A vast majority of college students find themselves forced to take out student loans in order to get through school. As tuition rates are at an all-time high, you’re probably feeling the stress of trying to pay your way through college. It’s possible that, like many students, you’re considering taking out more than one loan to make the process easier. Of course, it’s possible to have simultaneous loans, but before you apply for more student loans, you should be aware of some of the effects this might have on your future.
Exhaust All Other Options Before Taking on a Loan
As you know, there are three sources of financial aid for students: “free” money that comes from the institution itself in the form of scholarships or grants, public (federal) loans, and loans from private companies. Generally speaking, it’s a good idea to prioritize your financial aid and pursue aid in that order, with private loans last. There are multiple reasons for this, but the primary logic is that, in most cases, private loans have the highest interest rates.
Consider All Student Loan Opportunities
Of course, if you want to apply for more than one student loan at a time, you’ll need to consider more than one source, because many loans simply don’t offer enough by themselves. Let’s say, for instance, that you have a Perkins loan from the federal government. From this plan, you’ll get $5,500 a year to put towards tuition. According to data collected by the College Board, this would amount to a little over half your tuition at an in-state public school, generally the cheapest college option. While very helpful, you still may look to other places for additional aid.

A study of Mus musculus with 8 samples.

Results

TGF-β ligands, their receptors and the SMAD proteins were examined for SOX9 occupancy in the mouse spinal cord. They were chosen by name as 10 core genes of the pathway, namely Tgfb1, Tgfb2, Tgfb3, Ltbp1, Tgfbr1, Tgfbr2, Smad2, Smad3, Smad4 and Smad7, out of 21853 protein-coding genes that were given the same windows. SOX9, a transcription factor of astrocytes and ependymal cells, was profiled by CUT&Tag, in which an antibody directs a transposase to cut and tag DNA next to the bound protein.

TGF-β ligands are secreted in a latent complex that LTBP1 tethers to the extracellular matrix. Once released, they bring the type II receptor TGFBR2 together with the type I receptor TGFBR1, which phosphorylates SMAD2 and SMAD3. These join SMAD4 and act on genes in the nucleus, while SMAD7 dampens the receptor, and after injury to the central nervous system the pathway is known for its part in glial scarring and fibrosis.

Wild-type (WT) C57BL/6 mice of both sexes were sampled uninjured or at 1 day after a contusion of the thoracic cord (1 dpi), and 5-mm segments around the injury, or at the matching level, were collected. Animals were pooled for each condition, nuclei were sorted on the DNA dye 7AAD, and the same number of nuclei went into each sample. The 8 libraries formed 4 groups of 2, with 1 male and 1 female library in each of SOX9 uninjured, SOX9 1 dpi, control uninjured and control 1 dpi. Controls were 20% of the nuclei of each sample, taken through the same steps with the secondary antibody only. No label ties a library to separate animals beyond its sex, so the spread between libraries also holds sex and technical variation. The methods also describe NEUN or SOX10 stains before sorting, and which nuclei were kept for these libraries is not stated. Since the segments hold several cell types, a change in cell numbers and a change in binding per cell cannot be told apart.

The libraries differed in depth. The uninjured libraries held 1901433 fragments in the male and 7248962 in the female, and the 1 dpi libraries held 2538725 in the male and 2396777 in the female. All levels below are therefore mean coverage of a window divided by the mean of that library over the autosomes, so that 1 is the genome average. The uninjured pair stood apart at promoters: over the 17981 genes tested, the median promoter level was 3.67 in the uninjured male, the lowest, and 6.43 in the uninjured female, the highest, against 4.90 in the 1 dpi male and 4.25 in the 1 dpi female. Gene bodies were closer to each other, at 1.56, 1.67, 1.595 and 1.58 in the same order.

Private loans could offer you more money, but, as stated earlier, your interest rates will most likely be higher (although federal student loan interest rates may be changing soon). The next step will probably require you to figure out how much money you’ll need to offset your costs, and whether or not it makes financial sense for you to take out another loan. Like most things in life, there’s a trade-off involved. You’ll have more financial security for the moment, but in return, you’ll have to pay off the loan with interest upon graduation.
Shop Around for the Right Loan Lender if You’re Taking Out More Than One Student Loan
It’s important to note that students who take out simultaneous loans often don’t have a choice in the matter. While this is true, you do have a choice of where your loan comes from. Private lending sources, a type of student loan lenders, differ greatly in policy and offers, and you should definitely do your homework before you make your final choice. Certain houses will offer you a better deal than others, and your personal financial future could hinge on where you take out the loan.
The bottom line: should you take out simultaneous student loans? There’s no right or wrong answer. If you absolutely need to take out more than one loan to get your degree, you need to weigh all your options before you make a decision. Generally, students faced with this choice decide to go with a private loan source, but if you don’t feel like that’s for you, it’s not a hard and fast rule. The most important thing is to be comfortable with the decision you make and feel secure in your financial situation.